But losses mount for the home furnishings e-retailer that went public in October.
Online 3-D environments are attractive to retailers, but bandwidth and navigation standards remain barriers to the developing technology, says IU`s retail research lab.
Academic institutions often provide a preview of business practices and technologies that may one day hit the mainstream. That’s true of e-retail, too. Among the consumer shopping tools and technologies getting a look at Indiana University’s Center for Education and Research in Retailing is 3-D shopping environments.
More than rotating product images online for a 360-degree view, these immersive online displays let users navigate through a virtual mock-up of a store environment, complete with store aisles and shelves of product. One of the best potential applications of the technology is likely to be on the web sites of retailers whose store layouts already are familiar to shoppers, says Raymond Burke, director of the Center’s Customer Interface Laboratory. “Let`s say you go to Target or Wal-Mart weekly. You know how the store’s laid out and what the products look like, so a 3-D environment can help you leverage that knowledge of the physical layout when you shop online,” he says.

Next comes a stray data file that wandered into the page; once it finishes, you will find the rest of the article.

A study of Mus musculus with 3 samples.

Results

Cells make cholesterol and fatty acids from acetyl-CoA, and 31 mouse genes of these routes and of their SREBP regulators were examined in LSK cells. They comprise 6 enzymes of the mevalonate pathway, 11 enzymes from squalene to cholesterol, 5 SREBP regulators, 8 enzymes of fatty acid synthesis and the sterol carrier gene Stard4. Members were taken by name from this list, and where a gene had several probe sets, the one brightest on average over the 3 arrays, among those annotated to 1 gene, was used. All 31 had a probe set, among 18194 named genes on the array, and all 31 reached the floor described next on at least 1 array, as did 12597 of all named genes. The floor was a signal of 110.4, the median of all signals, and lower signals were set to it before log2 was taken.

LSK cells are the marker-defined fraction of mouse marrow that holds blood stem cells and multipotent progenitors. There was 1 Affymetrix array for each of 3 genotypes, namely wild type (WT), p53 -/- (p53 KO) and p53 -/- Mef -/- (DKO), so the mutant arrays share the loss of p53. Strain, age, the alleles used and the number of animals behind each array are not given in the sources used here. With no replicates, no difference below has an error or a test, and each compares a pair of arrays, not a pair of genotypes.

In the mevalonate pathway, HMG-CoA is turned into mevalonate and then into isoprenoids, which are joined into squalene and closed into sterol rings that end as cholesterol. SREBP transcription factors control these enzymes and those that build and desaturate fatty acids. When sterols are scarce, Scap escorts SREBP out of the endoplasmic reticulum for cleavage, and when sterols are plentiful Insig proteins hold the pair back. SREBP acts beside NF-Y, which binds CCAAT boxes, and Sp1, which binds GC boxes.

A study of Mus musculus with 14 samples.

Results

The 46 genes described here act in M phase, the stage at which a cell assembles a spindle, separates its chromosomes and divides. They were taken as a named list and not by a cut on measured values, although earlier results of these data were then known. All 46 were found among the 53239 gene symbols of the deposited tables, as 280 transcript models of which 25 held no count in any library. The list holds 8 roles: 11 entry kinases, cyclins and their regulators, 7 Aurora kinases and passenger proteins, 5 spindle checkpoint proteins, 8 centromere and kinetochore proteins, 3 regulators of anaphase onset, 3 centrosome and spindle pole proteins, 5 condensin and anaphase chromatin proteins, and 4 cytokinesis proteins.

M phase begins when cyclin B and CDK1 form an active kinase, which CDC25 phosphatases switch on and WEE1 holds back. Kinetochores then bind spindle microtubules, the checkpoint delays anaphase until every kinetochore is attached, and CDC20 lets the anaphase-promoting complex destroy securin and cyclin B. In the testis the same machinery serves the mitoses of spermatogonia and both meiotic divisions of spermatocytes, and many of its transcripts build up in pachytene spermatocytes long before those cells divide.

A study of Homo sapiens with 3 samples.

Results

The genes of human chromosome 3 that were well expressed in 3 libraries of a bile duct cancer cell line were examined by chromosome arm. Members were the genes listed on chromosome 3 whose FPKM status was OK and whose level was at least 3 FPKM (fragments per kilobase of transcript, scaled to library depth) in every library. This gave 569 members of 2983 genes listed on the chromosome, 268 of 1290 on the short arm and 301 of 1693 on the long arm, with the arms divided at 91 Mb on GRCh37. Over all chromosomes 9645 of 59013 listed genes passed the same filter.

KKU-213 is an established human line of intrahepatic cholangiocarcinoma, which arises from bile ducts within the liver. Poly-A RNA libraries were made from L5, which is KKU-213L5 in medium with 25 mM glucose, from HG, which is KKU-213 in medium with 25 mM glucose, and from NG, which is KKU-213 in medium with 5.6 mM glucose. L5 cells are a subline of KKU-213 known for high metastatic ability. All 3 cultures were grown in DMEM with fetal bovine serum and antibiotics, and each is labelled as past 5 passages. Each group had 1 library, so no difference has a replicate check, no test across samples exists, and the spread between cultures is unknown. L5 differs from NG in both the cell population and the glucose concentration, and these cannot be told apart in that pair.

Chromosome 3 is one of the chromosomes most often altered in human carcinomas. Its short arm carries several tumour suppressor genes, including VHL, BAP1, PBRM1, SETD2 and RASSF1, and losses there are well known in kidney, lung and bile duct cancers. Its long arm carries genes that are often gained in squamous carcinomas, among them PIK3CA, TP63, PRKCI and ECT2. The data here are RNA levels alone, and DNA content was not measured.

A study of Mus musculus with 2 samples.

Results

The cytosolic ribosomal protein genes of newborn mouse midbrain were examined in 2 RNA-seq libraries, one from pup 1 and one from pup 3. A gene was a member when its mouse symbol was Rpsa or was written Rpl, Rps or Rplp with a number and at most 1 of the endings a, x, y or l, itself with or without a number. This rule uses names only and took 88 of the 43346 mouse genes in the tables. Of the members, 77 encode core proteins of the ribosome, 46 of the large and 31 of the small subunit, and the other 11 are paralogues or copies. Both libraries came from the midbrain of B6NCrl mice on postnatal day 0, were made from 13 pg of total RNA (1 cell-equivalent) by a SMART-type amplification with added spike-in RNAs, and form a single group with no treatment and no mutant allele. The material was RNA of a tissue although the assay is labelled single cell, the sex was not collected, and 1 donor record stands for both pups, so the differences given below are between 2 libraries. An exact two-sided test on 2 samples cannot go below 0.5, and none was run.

A few e-retailers have experimented with 3-D shopping environments, notes Burke, but the technology still faces barriers such as lower bandwidth access on the part of consumers as well as a lack of navigation standards among the developers of 3-D technology. “Every one of the 3-D environments we’ve seen has a different way of navigating,” says Burke. “We still need to see some maturity in this space.”